Exercises 01: Intro to Computer Graphics

Modeling with Meshes

In lecture we looked at one very basic way to digitally encode geometry: a list of vertex positions V, and a list of edges E given as pairs of vertices. For instance, we can encode a cube using vertices

    x  y  z
0: -1 -1 -1
1: +1 -1 -1
2: +1 -1 +1
3: -1 -1 +1
4: -1 +1 -1
5: +1 +1 -1
6: +1 +1 +1
7: -1 +1 +1

and faces

(3, 0, 1, 2) 
(0, 4, 5, 1) 
(1, 5, 6, 2) 
(2, 6, 7, 3) 
(3, 7, 4, 0) 
(5, 4, 7, 6) 
  1. Suppose we want to describe a closed box (with all six faces) versus an open tube (with two faces missing). Can our vertex-edge encoding distinguish between these two shapes? If not, what could you do instead? What specific data structure(s) might you use to store this data?

    Cube with and without two faces removed

  2. Let's say we now want to encode a triangular prism rather than a cube. How would our encoding need to change? What data structure(s) might you use to store this data?

    Triangular prism

  3. So far we can describe shape, but what about motion? Which part of the encoding do we need to augment? What additional data could we store? (There are many good answers to this question!)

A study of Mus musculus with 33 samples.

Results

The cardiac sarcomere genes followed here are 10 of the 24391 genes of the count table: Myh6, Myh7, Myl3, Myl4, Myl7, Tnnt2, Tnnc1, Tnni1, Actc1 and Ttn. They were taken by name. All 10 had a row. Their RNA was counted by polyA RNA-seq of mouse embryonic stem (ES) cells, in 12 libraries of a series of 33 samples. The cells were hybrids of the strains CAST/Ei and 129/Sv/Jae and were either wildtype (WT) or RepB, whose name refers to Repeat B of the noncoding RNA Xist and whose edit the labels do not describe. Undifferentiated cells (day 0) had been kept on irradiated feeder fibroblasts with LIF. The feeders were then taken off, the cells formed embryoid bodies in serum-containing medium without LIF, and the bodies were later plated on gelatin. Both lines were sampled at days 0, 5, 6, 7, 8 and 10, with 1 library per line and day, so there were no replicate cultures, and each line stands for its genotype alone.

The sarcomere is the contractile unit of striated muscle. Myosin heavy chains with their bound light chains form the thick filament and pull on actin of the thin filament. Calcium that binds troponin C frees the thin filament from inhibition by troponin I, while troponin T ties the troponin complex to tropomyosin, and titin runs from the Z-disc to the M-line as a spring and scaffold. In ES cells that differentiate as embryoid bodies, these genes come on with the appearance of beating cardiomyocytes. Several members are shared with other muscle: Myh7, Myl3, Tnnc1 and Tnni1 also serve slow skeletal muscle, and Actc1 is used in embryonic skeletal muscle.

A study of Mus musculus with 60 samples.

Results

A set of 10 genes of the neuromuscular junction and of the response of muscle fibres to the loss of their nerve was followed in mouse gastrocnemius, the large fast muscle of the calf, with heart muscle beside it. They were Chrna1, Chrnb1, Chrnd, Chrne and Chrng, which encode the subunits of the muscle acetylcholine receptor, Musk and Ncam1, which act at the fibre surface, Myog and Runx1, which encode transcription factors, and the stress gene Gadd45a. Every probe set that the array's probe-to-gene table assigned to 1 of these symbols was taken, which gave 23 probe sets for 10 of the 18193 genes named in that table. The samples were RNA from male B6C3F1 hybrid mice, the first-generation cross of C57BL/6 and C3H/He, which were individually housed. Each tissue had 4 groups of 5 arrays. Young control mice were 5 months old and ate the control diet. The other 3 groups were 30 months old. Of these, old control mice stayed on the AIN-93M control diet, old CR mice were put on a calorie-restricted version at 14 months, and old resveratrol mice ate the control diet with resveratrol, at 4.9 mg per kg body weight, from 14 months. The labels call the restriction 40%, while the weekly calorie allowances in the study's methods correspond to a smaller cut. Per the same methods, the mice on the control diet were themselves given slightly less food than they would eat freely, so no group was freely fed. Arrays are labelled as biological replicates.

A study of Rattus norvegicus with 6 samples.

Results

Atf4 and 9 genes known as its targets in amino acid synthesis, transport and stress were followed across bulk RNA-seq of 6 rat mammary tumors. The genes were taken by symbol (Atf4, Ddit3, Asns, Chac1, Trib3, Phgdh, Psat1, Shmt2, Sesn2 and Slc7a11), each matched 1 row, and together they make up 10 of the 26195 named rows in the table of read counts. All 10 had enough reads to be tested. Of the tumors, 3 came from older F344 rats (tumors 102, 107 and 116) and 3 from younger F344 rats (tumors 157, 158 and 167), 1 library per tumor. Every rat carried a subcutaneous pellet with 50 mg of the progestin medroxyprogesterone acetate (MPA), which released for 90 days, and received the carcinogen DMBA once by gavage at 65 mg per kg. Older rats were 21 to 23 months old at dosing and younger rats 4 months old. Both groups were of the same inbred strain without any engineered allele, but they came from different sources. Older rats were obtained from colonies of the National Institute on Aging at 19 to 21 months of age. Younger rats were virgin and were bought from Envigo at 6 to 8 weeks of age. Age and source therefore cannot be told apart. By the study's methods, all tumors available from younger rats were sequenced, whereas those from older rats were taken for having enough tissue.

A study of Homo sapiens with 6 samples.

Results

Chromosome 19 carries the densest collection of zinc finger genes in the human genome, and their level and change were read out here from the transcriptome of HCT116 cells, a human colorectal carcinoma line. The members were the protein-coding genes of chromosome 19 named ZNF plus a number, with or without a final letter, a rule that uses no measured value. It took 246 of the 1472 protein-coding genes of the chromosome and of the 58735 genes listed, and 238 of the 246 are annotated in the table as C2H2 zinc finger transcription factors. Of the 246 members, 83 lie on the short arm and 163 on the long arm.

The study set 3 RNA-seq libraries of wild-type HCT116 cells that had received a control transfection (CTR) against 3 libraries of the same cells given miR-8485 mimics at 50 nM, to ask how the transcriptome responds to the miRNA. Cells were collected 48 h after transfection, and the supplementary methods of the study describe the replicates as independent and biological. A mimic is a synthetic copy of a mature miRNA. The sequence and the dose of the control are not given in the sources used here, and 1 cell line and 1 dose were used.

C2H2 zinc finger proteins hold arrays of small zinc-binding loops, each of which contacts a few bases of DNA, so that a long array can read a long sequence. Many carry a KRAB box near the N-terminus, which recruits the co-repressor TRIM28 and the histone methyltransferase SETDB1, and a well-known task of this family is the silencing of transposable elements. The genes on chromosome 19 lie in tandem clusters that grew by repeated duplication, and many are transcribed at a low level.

Through the Looking Glass

Pinhole camera looking at tree

In lecture we gave a very basic explanation of perspective distortion using the "pinhole camera" model. Let's play with our pinhole camera to get a deeper understanding of this phenomenon. In particular, suppose the pinhole is at a point c, and the box containing our film has depth d and height h. The image is formed by light hitting a piece of film at the back of the box.

  1. When we first develop our film, we notice the image is upside-down. Why? What other optical device flips an image? How might you "correct" the orientation of the image in your pinhole camera?
  2. What happens to the image if we keep c where it is, but make h bigger? Smaller?
  3. What happens to the image if we keep c where it is, but make d bigger? Smaller?
  4. What happens to the image if we fix c, but make d and h bigger at the same rate. For instance, suppose we use a pinhole camera of depth 2d and height 2h.
  5. What's the difference between moving the box forward vs. making d bigger? Do they result in an identical image? If not, what's the difference in appearance?
  6. Compute the angle of view (theta). Does the formula you get for this angle agree with the observations above?